So many people are coming to the Penn Dixie Quarry to find fossils that the Hamburg Natural History Society is looking for more people to serve as guides.
"It's going crazy. We need some help," said Jerold Bastedo, president of the society.
"Our weekends are starting to get booked."
About 20 school trips have been booked so far for this spring.
The society is conducting a docent training program at 9:30 a.m. Saturday in the Frontier Central High School Library on Bayview Road, for those who wouldn't know a trilobite from a brachiopod.
The training will include about a one-hour class session on the history of the site and the fossils that may be found there, followed by a one-hour hands-on experience in the quarry observing and working with a small group of children.
The society took title to the Penn Dixie Quarry near Bayview Road in Hamburg last February.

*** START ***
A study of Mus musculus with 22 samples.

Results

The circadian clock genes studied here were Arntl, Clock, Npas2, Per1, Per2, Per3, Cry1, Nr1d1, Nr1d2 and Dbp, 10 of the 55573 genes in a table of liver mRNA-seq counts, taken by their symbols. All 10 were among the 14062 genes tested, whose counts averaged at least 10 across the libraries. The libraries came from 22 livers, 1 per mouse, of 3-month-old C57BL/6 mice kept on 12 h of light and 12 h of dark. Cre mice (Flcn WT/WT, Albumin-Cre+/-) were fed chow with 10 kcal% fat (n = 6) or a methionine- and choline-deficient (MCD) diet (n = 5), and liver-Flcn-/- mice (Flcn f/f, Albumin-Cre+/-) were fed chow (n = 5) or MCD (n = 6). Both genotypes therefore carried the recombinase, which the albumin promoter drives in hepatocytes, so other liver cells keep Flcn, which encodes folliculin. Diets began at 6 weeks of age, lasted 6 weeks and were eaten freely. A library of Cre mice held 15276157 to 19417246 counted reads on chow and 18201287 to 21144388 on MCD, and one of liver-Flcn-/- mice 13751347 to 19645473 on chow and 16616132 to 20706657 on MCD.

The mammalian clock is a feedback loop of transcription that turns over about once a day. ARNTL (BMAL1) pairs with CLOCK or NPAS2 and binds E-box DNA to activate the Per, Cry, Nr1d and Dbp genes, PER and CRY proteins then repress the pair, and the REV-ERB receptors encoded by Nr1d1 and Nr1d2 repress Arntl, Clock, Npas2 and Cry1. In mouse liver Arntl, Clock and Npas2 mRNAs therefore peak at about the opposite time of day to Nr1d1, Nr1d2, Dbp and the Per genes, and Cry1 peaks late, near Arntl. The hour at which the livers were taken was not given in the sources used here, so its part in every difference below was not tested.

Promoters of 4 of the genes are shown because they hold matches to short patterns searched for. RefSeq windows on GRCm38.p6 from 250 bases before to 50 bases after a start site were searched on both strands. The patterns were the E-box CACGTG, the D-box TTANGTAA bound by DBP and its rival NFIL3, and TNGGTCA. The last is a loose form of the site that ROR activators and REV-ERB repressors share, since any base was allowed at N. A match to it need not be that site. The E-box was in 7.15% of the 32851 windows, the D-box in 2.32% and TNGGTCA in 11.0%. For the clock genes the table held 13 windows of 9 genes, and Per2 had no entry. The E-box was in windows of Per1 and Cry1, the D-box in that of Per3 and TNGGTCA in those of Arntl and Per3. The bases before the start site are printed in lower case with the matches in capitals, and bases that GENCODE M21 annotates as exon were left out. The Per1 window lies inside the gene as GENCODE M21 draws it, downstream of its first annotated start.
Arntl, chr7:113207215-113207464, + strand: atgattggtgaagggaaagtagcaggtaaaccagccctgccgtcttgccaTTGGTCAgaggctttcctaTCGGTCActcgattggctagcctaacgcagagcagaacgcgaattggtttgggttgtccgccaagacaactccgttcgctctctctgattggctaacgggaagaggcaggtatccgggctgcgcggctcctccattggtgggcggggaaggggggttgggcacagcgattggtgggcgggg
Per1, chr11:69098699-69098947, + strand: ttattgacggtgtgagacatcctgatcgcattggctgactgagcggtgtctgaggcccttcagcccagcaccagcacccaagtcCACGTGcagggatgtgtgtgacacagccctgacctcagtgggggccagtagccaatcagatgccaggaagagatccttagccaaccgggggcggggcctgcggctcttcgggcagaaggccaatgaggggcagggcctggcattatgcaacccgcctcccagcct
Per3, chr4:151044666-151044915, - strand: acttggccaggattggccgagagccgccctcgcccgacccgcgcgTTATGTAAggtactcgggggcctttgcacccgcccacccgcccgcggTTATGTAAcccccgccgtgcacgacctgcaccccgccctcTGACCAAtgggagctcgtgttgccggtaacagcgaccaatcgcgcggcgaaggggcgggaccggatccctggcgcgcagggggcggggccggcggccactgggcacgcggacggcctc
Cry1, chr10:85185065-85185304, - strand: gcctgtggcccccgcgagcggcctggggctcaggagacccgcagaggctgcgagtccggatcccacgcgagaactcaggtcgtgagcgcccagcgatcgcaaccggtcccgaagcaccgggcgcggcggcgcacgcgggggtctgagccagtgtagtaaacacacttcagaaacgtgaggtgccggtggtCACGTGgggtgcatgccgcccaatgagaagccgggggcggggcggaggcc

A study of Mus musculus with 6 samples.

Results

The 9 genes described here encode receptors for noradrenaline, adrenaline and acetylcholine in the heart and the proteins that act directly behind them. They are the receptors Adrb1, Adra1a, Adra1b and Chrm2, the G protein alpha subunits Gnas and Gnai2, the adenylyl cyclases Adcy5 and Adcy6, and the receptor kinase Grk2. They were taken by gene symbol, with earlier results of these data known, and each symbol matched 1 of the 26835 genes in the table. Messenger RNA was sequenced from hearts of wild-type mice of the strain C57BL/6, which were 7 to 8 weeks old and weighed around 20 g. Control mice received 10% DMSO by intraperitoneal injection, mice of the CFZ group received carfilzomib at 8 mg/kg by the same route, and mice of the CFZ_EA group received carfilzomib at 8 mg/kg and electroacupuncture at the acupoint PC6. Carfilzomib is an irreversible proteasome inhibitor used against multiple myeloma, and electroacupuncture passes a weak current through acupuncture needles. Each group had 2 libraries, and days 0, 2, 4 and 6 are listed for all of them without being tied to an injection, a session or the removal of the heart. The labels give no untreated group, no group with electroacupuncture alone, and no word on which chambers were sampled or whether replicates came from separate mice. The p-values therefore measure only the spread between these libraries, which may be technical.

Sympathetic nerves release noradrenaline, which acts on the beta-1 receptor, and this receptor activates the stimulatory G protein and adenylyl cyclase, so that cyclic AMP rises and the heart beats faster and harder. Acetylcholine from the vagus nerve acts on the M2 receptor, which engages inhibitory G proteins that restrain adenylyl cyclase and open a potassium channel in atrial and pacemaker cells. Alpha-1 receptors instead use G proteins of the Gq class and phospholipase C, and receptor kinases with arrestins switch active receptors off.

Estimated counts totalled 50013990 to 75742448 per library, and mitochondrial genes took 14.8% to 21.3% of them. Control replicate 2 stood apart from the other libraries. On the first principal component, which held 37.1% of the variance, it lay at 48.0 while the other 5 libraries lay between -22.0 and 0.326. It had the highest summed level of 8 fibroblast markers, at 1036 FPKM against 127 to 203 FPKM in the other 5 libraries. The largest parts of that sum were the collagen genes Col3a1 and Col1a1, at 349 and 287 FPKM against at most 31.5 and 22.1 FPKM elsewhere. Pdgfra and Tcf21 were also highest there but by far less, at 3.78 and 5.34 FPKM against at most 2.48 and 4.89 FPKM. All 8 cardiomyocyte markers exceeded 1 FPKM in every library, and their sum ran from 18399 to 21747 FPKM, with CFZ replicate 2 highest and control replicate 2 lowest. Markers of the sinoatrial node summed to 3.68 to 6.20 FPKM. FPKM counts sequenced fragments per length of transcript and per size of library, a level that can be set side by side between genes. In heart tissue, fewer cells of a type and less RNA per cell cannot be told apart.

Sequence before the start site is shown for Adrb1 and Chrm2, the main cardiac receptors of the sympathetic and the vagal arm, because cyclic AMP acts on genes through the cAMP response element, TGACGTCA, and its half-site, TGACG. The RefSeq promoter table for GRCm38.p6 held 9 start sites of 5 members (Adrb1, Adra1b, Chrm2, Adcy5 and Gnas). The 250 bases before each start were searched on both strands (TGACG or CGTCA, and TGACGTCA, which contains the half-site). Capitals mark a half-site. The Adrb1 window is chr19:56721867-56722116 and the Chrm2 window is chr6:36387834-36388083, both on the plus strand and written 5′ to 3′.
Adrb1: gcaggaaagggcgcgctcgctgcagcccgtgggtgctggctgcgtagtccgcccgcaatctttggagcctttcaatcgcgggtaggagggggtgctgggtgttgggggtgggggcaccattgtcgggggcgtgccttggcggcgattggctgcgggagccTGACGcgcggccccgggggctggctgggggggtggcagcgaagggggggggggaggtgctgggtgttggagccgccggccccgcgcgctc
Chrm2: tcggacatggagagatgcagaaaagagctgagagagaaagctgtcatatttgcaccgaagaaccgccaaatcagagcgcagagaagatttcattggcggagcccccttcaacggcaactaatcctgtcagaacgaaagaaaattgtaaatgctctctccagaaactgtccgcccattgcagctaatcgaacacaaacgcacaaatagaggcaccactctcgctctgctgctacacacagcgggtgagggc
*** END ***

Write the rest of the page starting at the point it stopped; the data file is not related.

The 32-acre site is filled with fossils dating back nearly 400 million years.
"If we don't save these sites for educational value, they're going to be gone," Bastedo said.
The frequency of groups visiting the quarry has grown in the last year as the quarry has become more well-known. There also have been visitors from West Virginia, Ohio, Pennsylvania, New Jersey and Canada, Bastedo said.
Most groups are scheduled in advance, and there is one trip open to the public each month.
Some may enter the moon-like landscape skeptical of the number of fossils, but soon discover finding not just one but many fossils is virtually assured.
"They can actually bring it (a fossil) home. They can't believe it," Bastedo said.
Bastedo said about 10 people have already signed up for the docent training.
"We can always use extra help," he said.
In a message to its members included in the April newsletter, the society asks for help with the program: "If we cannot fulfill the needs of our educational program, we cannot meet the mission nor the promise of this educational center."